Author: Anita Monteith

Published: 17 Feb 2020

The Government should use the Spring 2020 Budget as an opportunity to review the UK’s complex tax system and ensure the country remains attractive to overseas businesses, says the ICAEW Tax Faculty.

In a letter written to the Financial Secretary to the Treasury on 7 February 2020, the Faculty argues that, as the country enters a decade of transition, action should be taken now to ensure the UK remains ‘an internationally attractive and competitive location for business to locate and invest’.

Alongside a wholesale review of the UK’s tax system, the faculty recommends deferring the implementation of reforms to off-payroll working, simplifying VAT rules and undertaking a cost-benefit analysis of MTD for businesses.

The government has confirmed that the Budget will go ahead as planned on 11 March, despite rumours that it would be postponed after Sajid Javid’s resignation last week and the appointment of Rishi Sunak as Chancellor.

In its letter, the faculty urges Boris Johnson’s government to prioritise work in five areas:

  1. Aligning the UK tax system with policy objectives: This is the ideal time to undertake a strategic review of the UK tax system, which is currently too complicated and, in places, discourages growth and productivity. This exercise should cover the planned review of Entrepreneurs’ Relief.
  2. Take time to get legislative change right first time: We urge the government to defer the planned implementation of off payroll working reform for the private sector and the digital services tax. With a working parliamentary majority there is now the opportunity to take the time to get legislation right and agree international consensus.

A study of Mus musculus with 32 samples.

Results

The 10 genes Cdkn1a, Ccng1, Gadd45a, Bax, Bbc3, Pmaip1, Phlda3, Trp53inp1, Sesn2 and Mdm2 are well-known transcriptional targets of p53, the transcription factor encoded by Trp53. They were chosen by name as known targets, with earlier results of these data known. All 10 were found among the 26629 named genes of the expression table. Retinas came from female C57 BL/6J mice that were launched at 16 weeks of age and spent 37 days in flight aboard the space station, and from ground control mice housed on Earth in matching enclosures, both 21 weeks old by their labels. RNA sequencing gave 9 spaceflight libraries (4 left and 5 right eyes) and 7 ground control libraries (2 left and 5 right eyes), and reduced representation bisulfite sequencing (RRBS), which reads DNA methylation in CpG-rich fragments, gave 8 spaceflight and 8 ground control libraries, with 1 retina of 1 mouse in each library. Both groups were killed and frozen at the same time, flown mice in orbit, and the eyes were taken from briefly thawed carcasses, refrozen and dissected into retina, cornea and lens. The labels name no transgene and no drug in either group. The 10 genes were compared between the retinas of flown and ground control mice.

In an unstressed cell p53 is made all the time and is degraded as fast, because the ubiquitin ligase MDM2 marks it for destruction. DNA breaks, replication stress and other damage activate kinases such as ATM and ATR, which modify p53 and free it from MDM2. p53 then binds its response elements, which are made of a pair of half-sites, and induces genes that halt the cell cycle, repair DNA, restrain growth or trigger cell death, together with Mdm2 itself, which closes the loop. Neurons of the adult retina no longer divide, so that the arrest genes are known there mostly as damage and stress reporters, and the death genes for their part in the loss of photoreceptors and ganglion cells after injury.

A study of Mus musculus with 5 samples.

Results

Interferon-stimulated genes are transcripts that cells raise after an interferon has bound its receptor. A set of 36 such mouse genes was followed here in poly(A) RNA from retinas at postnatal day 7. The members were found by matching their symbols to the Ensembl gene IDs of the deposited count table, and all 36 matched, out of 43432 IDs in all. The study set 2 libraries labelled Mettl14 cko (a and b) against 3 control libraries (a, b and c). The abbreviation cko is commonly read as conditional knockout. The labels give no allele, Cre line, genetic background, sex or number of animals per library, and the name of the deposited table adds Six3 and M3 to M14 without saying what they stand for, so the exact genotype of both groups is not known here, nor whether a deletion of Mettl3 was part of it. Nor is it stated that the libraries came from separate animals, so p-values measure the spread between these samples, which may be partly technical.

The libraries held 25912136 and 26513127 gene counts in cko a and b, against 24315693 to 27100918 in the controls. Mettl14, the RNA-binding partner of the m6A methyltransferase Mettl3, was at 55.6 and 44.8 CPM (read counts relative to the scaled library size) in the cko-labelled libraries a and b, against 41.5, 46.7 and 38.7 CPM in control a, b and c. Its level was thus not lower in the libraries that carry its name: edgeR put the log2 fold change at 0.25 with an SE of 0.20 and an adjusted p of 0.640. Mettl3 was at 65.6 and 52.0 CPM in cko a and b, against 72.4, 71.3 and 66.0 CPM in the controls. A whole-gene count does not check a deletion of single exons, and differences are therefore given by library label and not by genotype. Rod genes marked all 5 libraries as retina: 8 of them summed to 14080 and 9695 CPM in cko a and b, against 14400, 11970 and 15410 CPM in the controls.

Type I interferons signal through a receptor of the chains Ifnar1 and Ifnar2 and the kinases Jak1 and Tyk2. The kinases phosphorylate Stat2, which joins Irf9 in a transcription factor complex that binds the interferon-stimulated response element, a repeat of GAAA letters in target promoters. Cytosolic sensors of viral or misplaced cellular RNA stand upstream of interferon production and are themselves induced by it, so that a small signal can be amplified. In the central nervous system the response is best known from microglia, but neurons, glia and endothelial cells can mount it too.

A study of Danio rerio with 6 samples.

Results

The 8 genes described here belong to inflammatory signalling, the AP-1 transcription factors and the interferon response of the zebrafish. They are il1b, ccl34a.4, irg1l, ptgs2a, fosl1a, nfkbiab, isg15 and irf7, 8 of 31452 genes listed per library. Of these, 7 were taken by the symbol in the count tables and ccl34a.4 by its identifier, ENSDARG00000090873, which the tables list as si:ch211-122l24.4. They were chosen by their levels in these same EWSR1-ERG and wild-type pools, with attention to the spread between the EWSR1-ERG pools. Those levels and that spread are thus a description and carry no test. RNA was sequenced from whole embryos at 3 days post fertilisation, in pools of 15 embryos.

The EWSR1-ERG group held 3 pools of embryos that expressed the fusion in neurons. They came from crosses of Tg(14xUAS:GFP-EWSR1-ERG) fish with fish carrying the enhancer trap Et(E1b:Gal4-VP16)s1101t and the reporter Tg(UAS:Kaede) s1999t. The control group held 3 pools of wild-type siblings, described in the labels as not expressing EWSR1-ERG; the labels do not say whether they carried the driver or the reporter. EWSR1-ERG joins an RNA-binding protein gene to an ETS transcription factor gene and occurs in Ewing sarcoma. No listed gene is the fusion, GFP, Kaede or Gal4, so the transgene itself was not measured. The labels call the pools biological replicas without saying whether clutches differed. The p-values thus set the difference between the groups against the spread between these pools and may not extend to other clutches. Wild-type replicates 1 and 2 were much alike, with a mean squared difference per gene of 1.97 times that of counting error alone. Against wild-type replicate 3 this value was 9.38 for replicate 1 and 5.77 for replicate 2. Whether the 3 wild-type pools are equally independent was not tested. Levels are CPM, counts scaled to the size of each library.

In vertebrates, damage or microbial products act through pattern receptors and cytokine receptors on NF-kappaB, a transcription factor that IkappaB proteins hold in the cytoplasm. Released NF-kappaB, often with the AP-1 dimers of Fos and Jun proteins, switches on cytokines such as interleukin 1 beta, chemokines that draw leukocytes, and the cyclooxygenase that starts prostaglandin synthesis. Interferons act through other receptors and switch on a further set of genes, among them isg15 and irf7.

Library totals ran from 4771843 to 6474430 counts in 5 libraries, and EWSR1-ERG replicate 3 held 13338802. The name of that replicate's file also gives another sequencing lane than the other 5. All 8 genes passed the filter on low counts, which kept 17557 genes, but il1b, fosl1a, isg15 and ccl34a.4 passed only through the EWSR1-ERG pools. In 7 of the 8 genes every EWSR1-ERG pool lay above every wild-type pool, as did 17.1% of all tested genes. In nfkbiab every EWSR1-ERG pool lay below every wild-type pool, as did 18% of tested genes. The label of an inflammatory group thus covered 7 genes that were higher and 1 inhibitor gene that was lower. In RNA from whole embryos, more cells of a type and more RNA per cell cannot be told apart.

3. Review the costs and benefits of Making Tax Digital: There needs to be a review of the costs and benefits to business of implementing MTD before it is rolled out further. We recommend that MTD should be extended to all VAT-registered traders, but only when the business case has been proven.
  4. Resource HMRC: We recognise the pressures the UK’s departure from the European Union put on the resources of HMRC. However, the impression our members have is that when HMRC moves staff around to deal with one problem,  different problems appear elsewhere. There should be a review of HMRC’s responsibilities and the resources it needs to deliver an effective and efficient tax system.
  5. Seize opportunity to reform VAT: The UK’s departure from the European Union gives the opportunity to simplify VAT in a way that was previously unavailable. For example, simplifying the regulations around the partial exemption regime would reduce the administrative burden on businesses and HMRC. Further, postponed accounting for VAT on imports should be reintroduced regardless of the nature of the Free Trade Agreement with the European Union.